The completed scheme demonstrates clear understanding of key design principles as well as an exemplary consultation and participation process involving residents throughout.
Its design echoes the 3 storey 'villa' character of well-liked older housing with similar heights in the area. Mews entrances echo bridges, a strong feature of nearby Brixton, incorporating local character as desired by residents. Materials and façades echo neighbouring architecture of different periods without copying, fitting well into context whilst making a new statement. Trees help define the limits of car courts, and standard materials used in public areas are durable and low maintenance, including concrete block paving, concrete paving slabs and tarmac. Individual units display clear evidence of personalisation, visible in windowsill displays facing the street, indicating a strong sense of ownership and a direct interaction with the public area.
Streets are clearly defined and well enclosed by boundary walls, railings and building fronts. Clear front doors, windows and balconies face directly onto the public streets and areas, giving surveillance of all public spaces. Dwarf walls and railings with approximately 1.5m setback (space for personalisation, gardening or storage) behind walls to buildings, define the public/private boundaries, and high brick walls enclose back gardens.
Apart from Little Angell's Square and the ball court, streets and mews constitute the only public spaces, and while many of these run north-south and are therefore sunny through the day, the mews run east-west and receive little sun. There are no south-facing outdoor public areas, but buildings within the scheme contribute greatly to adjoining public spaces by creating enclosure and providing surveillance. The scheme is relatively open, but physical shelter is created by bridges at mews entrances as well as by balcony projections. No seats are provided in the public areas, reducing opportunities for socialising.
Car parking spaces are arranged in small walled 'courts' at the fronts of buildings, and are overlooked by front doors and windows, reassuring owners that their vehicles are constantly supervised. These are non-allocated spaces in line with recent policy guidance, thus maximising use by various users throughout the day and night. Parking provision, mainly at the front of buildings, ensures that the fronts are well-used by car users as well as pedestrians, but although car ownership is relatively low some pavement parking still occurs.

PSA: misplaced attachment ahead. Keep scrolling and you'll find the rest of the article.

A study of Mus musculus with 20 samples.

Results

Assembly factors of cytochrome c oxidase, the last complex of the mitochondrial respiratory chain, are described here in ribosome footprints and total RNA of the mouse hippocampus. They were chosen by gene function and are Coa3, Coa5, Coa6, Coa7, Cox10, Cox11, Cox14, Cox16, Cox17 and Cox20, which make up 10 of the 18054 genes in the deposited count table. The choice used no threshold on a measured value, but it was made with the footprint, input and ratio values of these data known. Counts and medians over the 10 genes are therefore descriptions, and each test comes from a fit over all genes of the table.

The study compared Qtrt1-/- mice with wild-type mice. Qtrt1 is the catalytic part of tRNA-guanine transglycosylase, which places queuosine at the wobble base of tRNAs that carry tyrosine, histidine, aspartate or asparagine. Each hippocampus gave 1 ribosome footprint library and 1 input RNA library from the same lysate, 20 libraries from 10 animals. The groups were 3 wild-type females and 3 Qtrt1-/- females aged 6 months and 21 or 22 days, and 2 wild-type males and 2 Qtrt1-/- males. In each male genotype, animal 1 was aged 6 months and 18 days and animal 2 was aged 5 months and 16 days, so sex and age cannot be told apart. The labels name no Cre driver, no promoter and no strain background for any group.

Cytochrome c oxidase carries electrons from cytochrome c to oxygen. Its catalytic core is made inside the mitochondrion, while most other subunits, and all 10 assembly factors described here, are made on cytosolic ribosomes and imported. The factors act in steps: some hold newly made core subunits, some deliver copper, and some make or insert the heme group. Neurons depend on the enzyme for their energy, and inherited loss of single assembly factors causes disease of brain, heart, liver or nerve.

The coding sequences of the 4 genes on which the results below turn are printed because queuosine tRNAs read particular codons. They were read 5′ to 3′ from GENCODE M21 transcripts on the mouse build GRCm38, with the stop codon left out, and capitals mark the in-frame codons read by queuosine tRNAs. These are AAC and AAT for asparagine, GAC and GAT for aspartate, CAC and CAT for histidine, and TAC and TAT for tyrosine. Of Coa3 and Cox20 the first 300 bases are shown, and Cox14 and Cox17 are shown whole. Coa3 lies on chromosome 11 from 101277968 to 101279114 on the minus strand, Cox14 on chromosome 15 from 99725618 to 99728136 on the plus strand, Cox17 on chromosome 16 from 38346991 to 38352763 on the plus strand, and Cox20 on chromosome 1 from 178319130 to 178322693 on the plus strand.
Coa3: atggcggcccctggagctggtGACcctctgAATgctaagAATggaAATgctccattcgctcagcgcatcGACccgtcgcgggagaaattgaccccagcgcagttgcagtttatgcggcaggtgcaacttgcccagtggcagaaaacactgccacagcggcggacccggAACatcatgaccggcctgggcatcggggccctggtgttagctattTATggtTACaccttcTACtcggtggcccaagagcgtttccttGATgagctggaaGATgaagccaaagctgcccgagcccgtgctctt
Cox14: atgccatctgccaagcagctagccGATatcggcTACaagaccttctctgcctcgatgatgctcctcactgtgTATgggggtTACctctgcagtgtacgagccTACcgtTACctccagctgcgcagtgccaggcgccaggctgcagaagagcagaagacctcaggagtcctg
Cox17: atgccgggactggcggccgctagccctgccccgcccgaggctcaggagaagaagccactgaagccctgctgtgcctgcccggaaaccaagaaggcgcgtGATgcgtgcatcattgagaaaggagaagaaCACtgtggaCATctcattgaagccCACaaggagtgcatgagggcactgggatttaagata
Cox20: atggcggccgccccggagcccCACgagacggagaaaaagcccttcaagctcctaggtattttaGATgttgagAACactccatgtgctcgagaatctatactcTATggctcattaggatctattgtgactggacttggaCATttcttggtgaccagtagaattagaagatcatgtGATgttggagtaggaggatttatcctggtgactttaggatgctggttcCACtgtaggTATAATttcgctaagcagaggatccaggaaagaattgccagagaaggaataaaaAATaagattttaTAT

All entrances have flat access, and the scheme is fully accessible to all. There is a good range of transport choices to and from the scheme, with two bus routes within 80m, and mainline railway and tube ten minutes away on foot. This is within the 400m accepted distance which people will walk to reach amenities rather than driving, giving the scheme points for sustainability as well as ease and choice of transport. Similarly the scheme is well connected to surrounding streets with six direct and level connections to the surrounding area.
The scheme is logically laid out and easy to understand, and pedestrian routes are all on well connected streets. Pedestrians are protected by bollards in narrow mews spaces, and flag paving on pavements demarcates main pedestrian routes, while coloured tarmac defines key pedestrian crossing points from parking areas across vehicular routes. Roads have standard kerbs and raised pavements to define vehicular routes, and bollards prevent illegal pavement parking. Traffic calming is integrated into the layout and alignment of streets, in contrast to adjacent Overton Road (outside the scheme) which features speed humps. Building alignment and design introduces restricted visibility for drivers at mews entrances, slowing traffic and improving safety for pedestrians and cyclists. No special measures exist for cycles but streets within the scheme are not busy and cyclists can safely share the streets with cars.
Buildings and public spaces are sustainable in terms of adaptability for future uses. As part of the 'Lifetime Homes' design, provision has been included in layouts for lift shafts, variations in individual units for choice between fitting an extra downstairs shower, or using for access to garden, and easy removal of internal walls. Buildings are mostly three storeys with a few of two storeys, maximising external connections and internal adaptability. Front door access allows for easy conversion for wheelchairs or pushchairs. 91% of the buildings are between 9 x 13m deep, maximising natural light, reducing energy consumption and improving solar gain. The adaptable overall layout offers potential for multiple uses, for example the walled parking spaces could be used for play and socialising.
Servicing, deliveries, refuse collection and storage are integral to the design of the development, with communal bin recesses integrated into the fronts of the buildings. The bins currently in use however are too large for the recesses provided, leading to a less than satisfactory visual effect.
The scheme is well maintained with no evidence of graffiti, litter, dog fouling or building repairs, indicating a high level of both formal and informal maintenance by the management organisation as well as a strong sense of ownership of residents. It is managed by the Estate Management Board, financed by Lambeth Council but run by the residents, giving them continued ownership and control.